Thursday, 7/22

We went into town last night to cool off after dinner and have a cold drink at my favorite place, Old Skool Brew pub. Unfortunately, when we pulled into camp, Jason got out and heard a distinct hissing sound from one of the truck’s tires. What to do? Not much. Made sure it was parked on a level spot for tire changing duties in the morning.

Got up early Thursday morning and got to it. Struggled to figure out where all the tools secret hiding places were but soon enough got going. Definitely did NOT set any speed records for tire changing but got done. Felt like it was going to be a hot day again.

We had breakfast then headed into town to a tire store I’ve used before. Rolling Rubber certainty took care of me again. Dropped off the flat and mentioned like to take the truck with me into town for a coffee break. The nice counter person said, no, just leave it here; you can take our “puddle jumper” just don’t fall in love with it! Very nice of them to just hand over the keys to their vehicle so we didn’t have to walk the 1/2 mile into town. They fixed the flat, removed the spare I had put on, put spare back under the truck and mounted the tire back in place. Here’s the ride I was not to fall in love with –

While doing a few chores in town I noticed that the gas gauge showed much less than zero gas left. So put $10 worth in the tank and went to collect our repaired truck. When she heard me mention that I threw a little gas in their car, she would not accept any $ for the tire repair. Absolutely would not. She handed me the zeroed out invoice that was only $22.95 for all that they did. So very kind. Thanks Rolling Rubber! I offered to trade straight up, my truck for her little orange car, she declined.

We drove back to the ranch, heated up and went back to the established dig site. We worked hard to remove a wall of overburden as we worked “back” into the hillside to see if any more bones happen to be here. After 2 or 3 hillside removal sessions we started to explore at the newly exposed bone layer and we found more! Appears to be several more bones beginning to show. So cool. We started hearing rumblings in the distance and darker skies growing. Jason has cell signal on his phone and could see a weather report that looked a little ominous. He nicely walked back to the truck to roll up the windows while I contemplated our next best move. Rain won’t melt us, we have shade covers and tarps to protect the newly exposed bones – what we don’t have is the ability to drive on the rough trails and to climb hills in my truck once the local soil trails we drive on get wet. The soils are a clay-like substance called “gumbo.” Once wet, the gumbo is more slick than the worse ice I’ve ever driven on in Indiana. I’ve been stuck out on a ranch before in the rain with no ability to get my 4-wheel drive vehicle to move an inch! Do not want to go there again. So I gathered tools, covered up the dig area and as Jason & I headed out it started to rain, then rain harder, then the wind blown rain started at us completely horizontally. We left! Got back to camp just fine but felt bad for Jason having to jump out in that driving rain to undo then redo 2 gates on our path back to camp.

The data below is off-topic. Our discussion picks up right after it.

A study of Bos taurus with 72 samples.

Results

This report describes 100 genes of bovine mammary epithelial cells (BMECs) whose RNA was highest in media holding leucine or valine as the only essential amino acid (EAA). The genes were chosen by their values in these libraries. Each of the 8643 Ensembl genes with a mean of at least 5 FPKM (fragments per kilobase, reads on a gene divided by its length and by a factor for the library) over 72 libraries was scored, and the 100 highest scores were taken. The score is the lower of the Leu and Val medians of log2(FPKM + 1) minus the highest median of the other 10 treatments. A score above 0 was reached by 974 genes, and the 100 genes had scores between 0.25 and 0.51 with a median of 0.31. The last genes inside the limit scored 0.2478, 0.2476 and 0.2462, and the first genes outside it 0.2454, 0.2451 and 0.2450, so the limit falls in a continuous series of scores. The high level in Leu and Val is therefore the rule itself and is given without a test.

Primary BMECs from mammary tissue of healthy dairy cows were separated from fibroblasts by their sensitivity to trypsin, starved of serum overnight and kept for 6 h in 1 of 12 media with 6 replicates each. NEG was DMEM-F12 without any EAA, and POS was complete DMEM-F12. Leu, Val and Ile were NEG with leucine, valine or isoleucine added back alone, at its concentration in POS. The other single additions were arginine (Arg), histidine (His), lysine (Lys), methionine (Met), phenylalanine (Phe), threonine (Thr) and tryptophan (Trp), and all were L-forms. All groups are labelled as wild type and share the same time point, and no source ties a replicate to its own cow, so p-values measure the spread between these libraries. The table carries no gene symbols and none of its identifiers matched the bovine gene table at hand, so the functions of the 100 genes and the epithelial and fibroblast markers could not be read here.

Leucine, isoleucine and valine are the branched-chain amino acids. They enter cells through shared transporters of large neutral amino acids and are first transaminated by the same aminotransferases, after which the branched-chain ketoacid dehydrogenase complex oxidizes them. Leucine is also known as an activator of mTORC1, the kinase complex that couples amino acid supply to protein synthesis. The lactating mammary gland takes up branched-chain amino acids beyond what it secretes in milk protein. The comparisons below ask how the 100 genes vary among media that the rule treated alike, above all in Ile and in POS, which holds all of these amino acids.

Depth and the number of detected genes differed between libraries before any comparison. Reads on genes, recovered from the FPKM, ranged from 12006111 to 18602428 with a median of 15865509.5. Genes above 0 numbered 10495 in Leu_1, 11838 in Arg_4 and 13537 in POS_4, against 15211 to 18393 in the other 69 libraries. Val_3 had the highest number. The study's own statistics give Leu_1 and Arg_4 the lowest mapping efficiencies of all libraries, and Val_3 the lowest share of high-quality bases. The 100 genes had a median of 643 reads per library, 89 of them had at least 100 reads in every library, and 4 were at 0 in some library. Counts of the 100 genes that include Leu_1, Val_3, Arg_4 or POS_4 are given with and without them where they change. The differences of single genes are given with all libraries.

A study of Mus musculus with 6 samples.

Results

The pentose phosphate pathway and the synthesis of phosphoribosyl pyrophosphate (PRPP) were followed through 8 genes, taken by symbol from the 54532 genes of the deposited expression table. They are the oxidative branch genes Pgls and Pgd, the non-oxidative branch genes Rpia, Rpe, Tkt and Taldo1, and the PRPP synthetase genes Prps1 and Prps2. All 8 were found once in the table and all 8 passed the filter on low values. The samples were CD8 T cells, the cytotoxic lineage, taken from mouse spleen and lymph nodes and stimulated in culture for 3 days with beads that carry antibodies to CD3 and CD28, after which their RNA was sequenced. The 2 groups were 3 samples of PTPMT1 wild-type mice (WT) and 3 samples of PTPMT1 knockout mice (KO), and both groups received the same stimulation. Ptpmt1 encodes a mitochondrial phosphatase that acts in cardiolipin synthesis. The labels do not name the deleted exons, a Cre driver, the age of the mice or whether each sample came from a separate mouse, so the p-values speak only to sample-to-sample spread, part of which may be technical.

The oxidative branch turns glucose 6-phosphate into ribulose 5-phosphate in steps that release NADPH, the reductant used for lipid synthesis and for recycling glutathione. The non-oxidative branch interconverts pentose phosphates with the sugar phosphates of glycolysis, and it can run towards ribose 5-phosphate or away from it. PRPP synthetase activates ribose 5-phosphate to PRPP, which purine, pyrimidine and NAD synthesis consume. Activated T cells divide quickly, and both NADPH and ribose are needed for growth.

Back in camp after the rain had stopped – still pretty ominous skies. Heard on the local radio station about 70+ mph winds & hail in the general vicinity. We did fine and just relaxed around camp for the rest of the evening. Weird to sit in the camper with the windows rolled up tight and listen to the thunderous rain fall on the roof. First real rain I’ve witnessed since I got here on July 10th. The rain is a blessing so badly needed by everything and everyone out here. (I’m not supposed complain to anyone about being rained out from fossil digging – ranchers need the rain!)

Me relaxing during the storm and …

… Jason posing with his new prized possession – coffee mug from my favorite coffee shop in town (while sucking in his tummy!)